We alcoholics are sensitive people. It takes some of us a long time to outgrow that serious handicap. ~Alcoholics Anonymous, 4th Edition, The Family Afterward, pg. 125.
For alcoholics, truer words were never spoken. The over sensitive person feels pain in an exaggerated way and therefore has problems tolerating difficulties. Alcoholics and addicts seem to form anchors or associations faster than anybody else. For example, if I had a bad breakup (and who hasn’t) and associated a particular song with that relationship, I may form a strong, painful anchor to that incident, using that piece of music. This in of itself is not so unusual. But alkies take it to another level and obsess on the bad memory endlessly. Like playing that song over and over, in my head! Pretty soon, anyone or anything can trigger the bad feeling. Overly sensitive people are more likely to get depressed and be emotionally erratic because their mood changes whenever any small event happens.
If you tried to put some water on a fresh wound and you experience pain, that’s because after an injury, the affected area becomes sensitive to factors that were not painful before. The same goes with emotional wounds. Being rejected as a child, lacking self-confidence and having self-image problems are all examples of unhealed wounds that can make you sensitive to things that others don’t notice.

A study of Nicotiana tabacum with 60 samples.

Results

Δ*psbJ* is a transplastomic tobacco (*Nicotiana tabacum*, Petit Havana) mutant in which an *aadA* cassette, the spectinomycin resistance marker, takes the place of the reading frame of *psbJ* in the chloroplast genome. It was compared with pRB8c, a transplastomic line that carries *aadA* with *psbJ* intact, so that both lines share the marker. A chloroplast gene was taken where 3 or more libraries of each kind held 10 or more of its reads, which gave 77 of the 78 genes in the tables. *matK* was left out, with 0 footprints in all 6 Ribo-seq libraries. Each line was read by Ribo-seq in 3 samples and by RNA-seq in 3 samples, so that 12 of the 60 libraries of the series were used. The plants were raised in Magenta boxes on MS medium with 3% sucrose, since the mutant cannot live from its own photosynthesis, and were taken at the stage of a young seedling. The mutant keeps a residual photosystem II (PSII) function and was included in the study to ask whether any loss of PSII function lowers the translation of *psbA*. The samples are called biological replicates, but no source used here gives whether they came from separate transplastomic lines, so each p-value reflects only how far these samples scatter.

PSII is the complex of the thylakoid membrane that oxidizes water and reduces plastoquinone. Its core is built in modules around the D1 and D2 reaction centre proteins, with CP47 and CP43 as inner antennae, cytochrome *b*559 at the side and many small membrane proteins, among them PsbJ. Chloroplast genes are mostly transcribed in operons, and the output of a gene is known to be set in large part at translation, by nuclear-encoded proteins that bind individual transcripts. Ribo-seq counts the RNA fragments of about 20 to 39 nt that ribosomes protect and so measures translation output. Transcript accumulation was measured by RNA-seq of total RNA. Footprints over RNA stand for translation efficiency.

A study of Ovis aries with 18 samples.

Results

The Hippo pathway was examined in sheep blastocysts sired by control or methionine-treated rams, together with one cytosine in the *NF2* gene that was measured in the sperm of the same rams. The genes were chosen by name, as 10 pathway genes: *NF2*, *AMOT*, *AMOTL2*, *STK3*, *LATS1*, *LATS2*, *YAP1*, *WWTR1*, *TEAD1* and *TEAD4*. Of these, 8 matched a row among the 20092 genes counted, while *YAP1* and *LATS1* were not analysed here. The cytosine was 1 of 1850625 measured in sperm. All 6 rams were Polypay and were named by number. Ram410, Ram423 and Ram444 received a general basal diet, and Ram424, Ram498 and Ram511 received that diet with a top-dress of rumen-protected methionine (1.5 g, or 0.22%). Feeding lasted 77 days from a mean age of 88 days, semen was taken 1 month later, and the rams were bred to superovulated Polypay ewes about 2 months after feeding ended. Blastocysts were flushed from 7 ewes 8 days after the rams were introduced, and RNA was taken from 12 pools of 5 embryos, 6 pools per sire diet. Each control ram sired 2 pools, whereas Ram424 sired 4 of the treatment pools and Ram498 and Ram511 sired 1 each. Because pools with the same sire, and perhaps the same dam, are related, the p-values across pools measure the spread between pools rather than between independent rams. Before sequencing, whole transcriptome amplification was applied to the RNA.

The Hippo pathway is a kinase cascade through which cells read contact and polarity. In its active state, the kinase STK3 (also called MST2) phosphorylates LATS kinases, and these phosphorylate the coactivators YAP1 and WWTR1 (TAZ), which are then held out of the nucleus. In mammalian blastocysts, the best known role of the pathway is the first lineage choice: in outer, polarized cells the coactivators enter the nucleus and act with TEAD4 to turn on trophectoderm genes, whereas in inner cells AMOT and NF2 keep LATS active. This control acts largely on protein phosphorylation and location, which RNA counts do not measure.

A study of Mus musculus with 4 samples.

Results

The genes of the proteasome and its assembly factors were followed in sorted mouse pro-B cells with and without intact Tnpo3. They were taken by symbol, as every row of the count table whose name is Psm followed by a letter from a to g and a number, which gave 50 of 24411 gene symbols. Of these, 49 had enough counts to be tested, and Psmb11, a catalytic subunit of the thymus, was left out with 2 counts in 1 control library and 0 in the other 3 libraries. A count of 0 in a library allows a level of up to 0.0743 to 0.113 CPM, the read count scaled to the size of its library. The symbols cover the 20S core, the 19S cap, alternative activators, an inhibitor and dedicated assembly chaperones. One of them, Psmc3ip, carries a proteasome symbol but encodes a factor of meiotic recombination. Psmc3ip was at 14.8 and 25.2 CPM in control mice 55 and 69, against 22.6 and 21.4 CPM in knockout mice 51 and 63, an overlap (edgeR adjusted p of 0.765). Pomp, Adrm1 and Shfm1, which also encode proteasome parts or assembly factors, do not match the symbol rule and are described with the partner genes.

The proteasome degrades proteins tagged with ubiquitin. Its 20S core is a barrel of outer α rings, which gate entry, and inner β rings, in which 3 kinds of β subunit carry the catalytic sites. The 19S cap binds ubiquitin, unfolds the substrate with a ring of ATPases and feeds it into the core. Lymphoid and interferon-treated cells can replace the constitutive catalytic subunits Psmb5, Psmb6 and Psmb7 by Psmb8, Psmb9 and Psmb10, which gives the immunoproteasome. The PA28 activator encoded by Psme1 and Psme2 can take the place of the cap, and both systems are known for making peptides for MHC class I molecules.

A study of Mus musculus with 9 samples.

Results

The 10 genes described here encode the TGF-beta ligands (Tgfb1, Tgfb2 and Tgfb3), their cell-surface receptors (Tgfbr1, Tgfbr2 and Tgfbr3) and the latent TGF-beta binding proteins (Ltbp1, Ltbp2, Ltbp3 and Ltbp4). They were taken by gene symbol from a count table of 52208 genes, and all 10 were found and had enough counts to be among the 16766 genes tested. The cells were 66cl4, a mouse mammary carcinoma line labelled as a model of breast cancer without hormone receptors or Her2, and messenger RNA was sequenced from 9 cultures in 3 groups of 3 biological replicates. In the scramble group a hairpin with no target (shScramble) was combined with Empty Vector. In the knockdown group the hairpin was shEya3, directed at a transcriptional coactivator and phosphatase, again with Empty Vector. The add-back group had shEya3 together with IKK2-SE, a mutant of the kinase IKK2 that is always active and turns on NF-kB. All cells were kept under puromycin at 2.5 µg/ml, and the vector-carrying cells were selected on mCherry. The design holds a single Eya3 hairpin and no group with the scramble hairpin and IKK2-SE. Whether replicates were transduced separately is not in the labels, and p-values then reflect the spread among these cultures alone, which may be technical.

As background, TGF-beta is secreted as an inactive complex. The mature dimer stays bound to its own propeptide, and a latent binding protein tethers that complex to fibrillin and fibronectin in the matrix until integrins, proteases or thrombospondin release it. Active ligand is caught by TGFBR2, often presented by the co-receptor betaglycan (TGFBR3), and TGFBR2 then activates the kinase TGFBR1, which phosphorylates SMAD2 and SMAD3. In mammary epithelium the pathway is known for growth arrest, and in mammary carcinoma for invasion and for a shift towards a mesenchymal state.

There are many ways that can help combat the battle with being easily hurt. Mainly, changing the way you think. After a few inventories where I looked at causes and conditions, I could clearly see the old, festering wounds I walked around with for years, and identify the cause. When I came across a situation that prompted an over the top reaction, I could reference my list of defects and see where the reaction really came from. After awhile, the old anchors were replaced with new meanings. My thinking drastically changed. Not to say that at times I don’t experience emotional drama, but I catch it much faster, and therefore avoid dwelling in self-pity.
Being overly sensitive is a handicap, not a crime. There are assets to being sensitive, and we can use the assets of sensitivity in our service work. Compassion for others, being there for friends and those in need, and most importantly, helping the alcoholic who still suffers. A change of perception is a wonderful remedy for the oversensitive alcoholic.